Champions League last four: How the sides measure up

One trend is disrupted in the Champions League, so another continues. Atletico Madrid’s elimination of Barcelona means the semi-finals will not feature all three of the super-super-clubs – the Catalans, Bayern Munich and Real Madrid – for just the second time since 2011.
It also means that, for the 26th consecutive season, the European Cup will not be retained. Perhaps these quarter-finals emphasised a big reason for that. In an era when the competition has become eight to 10 sides of broadly similar quality crashing against each other, it is very difficult to maintain the necessary level for eight consecutive knock-out ties over two years. The likelihood is that you will eventually come up against the wrong team, at just the wrong point. The difference was that Barca looked so ominously good. As a consequence, the competition now looks so much more open.
So, with former favourites Barcelona out, how do the rest of the last four measure up?
Bayern Munich
This is Pep Guardiola’s third time in the competition with Bayern, and this might well be his luckiest of all with the elimination of Barca. They were the team that stopped him last season, and the team that had seemed by far the strongest this campaign. That status now passes to Bayern.
The path has cleared – although Guardiola should also be conscious of a clear warning from his former club’s elimination. The Catalans largely went out because of something that is all too familiar to the Bayern manager, even if Atletico forced the issue by being so good. No matter how good you are, no matter how strong you look, the wrong slump at the wrong time is just fatal in a knock-out of the nature of the Champions League. It played a large part in Guardiola’s two previous eliminations, as they peaked far too early. Can they get their timing right now, as he comes to the end of his time in Munich? His legacy at Bayern all rests on this. He’s been given quite a boost.
Atletico Madrid
Barcelona were abnormally flat in the second leg at the Vicente Calderon, but that also must be put into the context of how ferocious Atletico were. It is no exaggeration to say that they are by far the best defensive side in the world right now. In a competition as high-scoring as Spain’s, they have conceded just 16 goals in 32 games. That is the best defensive record out of all the top five leagues bar Bayern Munich, who have conceded just 14 in 29.scoring their second goal
At the same time, Atletico are not by far the best team in their country in the way the Germans are, and have achieved that in a very different way. All those who play under Diego Simeone absolutely laud the sophistication of his approach to defence. It perhaps reflects that, in a period of football when the latter stages of the Champions League have never been more open or goal-laden – and when the competition is almost always won by a prolific side – he has restored proper value to defending again. That means it isn’t necessarily much of a boost to the other three sides they are through instead of Barca. The Catalans’ front trio may give opposition sides the ultimate problem, but Atletico give them a problem some have largely forgotten how to solve.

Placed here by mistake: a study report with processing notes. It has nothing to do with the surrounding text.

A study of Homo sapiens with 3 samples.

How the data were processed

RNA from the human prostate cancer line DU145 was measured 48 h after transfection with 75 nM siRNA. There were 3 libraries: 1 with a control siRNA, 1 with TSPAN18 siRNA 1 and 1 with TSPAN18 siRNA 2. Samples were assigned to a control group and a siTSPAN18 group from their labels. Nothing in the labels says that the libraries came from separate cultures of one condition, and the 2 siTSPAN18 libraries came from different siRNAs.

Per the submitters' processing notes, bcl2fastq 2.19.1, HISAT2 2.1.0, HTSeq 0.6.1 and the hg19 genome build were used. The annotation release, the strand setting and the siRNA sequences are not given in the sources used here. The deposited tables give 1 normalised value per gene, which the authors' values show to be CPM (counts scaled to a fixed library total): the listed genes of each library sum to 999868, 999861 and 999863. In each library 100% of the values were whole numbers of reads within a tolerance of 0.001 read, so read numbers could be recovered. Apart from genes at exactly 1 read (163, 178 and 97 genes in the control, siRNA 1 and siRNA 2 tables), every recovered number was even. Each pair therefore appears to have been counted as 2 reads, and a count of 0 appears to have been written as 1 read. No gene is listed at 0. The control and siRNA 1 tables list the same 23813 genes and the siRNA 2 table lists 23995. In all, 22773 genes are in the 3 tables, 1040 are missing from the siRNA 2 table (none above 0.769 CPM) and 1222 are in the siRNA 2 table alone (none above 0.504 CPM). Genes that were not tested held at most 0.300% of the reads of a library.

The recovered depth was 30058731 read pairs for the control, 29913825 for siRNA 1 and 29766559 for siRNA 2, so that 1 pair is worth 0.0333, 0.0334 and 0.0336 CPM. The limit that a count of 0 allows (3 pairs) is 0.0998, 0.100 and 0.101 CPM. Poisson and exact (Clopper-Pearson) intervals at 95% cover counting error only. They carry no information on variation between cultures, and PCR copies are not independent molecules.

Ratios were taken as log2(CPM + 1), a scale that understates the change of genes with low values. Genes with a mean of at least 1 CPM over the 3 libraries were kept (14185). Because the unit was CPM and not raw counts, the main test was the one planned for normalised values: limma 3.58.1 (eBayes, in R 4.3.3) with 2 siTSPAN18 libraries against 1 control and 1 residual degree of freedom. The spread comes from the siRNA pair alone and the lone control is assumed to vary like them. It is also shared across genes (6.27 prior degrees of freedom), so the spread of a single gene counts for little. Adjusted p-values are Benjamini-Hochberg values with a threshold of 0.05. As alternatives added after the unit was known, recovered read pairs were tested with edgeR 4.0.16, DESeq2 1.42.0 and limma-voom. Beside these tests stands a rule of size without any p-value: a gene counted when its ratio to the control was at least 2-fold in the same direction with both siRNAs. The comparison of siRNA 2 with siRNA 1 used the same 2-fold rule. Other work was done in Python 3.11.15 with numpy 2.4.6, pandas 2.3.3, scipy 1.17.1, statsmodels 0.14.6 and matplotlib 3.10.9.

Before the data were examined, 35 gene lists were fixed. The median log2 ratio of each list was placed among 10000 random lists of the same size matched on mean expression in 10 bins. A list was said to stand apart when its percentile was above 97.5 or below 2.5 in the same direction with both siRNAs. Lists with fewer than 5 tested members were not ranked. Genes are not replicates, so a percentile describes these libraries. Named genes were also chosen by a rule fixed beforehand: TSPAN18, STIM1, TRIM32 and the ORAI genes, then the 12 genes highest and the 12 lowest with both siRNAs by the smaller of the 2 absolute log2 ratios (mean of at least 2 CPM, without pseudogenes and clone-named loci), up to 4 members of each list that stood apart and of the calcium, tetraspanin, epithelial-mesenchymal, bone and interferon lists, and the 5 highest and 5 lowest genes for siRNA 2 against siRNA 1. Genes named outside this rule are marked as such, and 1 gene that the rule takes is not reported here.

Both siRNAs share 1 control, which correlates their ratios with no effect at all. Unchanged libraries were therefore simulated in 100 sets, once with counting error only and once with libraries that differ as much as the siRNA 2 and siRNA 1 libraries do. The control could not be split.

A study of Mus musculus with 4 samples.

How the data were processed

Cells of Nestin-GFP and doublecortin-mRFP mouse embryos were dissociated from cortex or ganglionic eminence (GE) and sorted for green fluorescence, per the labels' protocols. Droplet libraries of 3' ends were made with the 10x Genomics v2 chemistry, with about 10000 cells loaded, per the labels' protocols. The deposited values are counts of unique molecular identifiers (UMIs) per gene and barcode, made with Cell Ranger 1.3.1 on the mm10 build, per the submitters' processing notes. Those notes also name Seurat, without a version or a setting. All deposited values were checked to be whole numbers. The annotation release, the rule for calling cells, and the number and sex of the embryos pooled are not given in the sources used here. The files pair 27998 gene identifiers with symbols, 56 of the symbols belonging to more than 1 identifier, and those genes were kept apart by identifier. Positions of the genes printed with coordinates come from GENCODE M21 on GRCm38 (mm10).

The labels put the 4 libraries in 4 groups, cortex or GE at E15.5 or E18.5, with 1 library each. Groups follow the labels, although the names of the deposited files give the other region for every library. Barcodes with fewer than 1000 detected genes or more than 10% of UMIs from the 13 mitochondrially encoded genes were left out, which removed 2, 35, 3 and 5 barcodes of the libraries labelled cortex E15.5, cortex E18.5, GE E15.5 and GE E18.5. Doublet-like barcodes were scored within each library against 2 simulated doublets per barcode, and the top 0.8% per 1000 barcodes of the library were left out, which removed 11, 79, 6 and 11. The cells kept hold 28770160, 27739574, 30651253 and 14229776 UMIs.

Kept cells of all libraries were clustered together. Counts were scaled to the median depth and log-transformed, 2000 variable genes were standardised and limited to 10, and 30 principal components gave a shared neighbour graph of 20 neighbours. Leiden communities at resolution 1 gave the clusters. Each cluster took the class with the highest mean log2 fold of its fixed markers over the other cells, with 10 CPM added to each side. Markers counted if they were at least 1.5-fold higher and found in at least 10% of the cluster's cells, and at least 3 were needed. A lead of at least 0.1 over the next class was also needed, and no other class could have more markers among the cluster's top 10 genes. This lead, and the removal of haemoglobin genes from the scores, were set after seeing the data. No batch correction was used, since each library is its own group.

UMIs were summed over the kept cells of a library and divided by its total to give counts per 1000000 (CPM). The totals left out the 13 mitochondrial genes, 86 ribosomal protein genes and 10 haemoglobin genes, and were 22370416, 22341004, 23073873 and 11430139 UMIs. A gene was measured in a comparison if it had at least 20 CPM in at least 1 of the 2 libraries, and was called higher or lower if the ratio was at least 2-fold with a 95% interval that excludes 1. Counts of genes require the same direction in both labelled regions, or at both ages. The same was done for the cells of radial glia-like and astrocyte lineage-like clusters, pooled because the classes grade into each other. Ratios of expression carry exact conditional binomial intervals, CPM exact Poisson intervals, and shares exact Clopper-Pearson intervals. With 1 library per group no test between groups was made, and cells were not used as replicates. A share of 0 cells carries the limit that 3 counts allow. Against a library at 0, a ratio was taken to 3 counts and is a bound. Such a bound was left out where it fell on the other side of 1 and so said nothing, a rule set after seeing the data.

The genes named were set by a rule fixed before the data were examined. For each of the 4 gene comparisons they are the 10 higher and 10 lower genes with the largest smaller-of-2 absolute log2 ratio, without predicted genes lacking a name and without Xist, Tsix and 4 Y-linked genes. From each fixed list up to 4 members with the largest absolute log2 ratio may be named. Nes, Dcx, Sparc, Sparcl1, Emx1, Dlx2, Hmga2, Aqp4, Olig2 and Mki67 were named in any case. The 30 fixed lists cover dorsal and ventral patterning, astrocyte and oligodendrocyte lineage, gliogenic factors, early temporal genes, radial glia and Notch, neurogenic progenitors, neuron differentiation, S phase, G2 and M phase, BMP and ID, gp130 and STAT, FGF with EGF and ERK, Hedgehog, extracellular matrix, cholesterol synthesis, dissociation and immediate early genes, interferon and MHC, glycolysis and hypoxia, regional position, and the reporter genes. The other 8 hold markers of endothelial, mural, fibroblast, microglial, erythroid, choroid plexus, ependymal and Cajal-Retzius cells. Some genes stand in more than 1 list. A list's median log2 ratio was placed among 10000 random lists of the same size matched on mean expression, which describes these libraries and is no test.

As well as Simeone’s organisation, his connection to the players also derives extreme commitment. It could be seen in the second half against Barca, as 11 men in the box were prepared to block everything in any way. Diego Godin’s black eye became a garish symbol for a team worthy of great respect – and perhaps even the tag of favourites.
Real Madrid
The key to Real Madrid’s campaign will arguably be pot luck: can the brilliance of their stars outweigh the chaotic nature of their imbalanced team structure? They went 2-0 to Wolfsburg because they’re so lacking in so many areas, and then won 3-0 because Cristiano Ronaldo remains such a force of nature. The wonder is whether that imbalance can still be enough at this stage, since they will no longer be playing defences as forgiving as the Germans’. Something is going to have to give, or Ronaldo and the rest of his team-mates are going to have to give even more.
Manchester City
It is remarkable and respectable that, after a league season as deflating as this for City, Manuel Pellegrini could yet go out on the ultimate high. He could also create quite the storyline by denying his successor Guardiola the Champions League he craves at Bayern. There is an irony that so much of City’s troubles have been put down to the fact the Catalan’s appointment was announced at the start of February. It could be down to something that happened just three days before that: Kevin De Bruyne’s injury.
It does not seem a coincidence that City have been so much more clinical since he returned. He was the tie-winner against Paris Saint-Germain. He could yet be a Champions League winner sooner than many expected.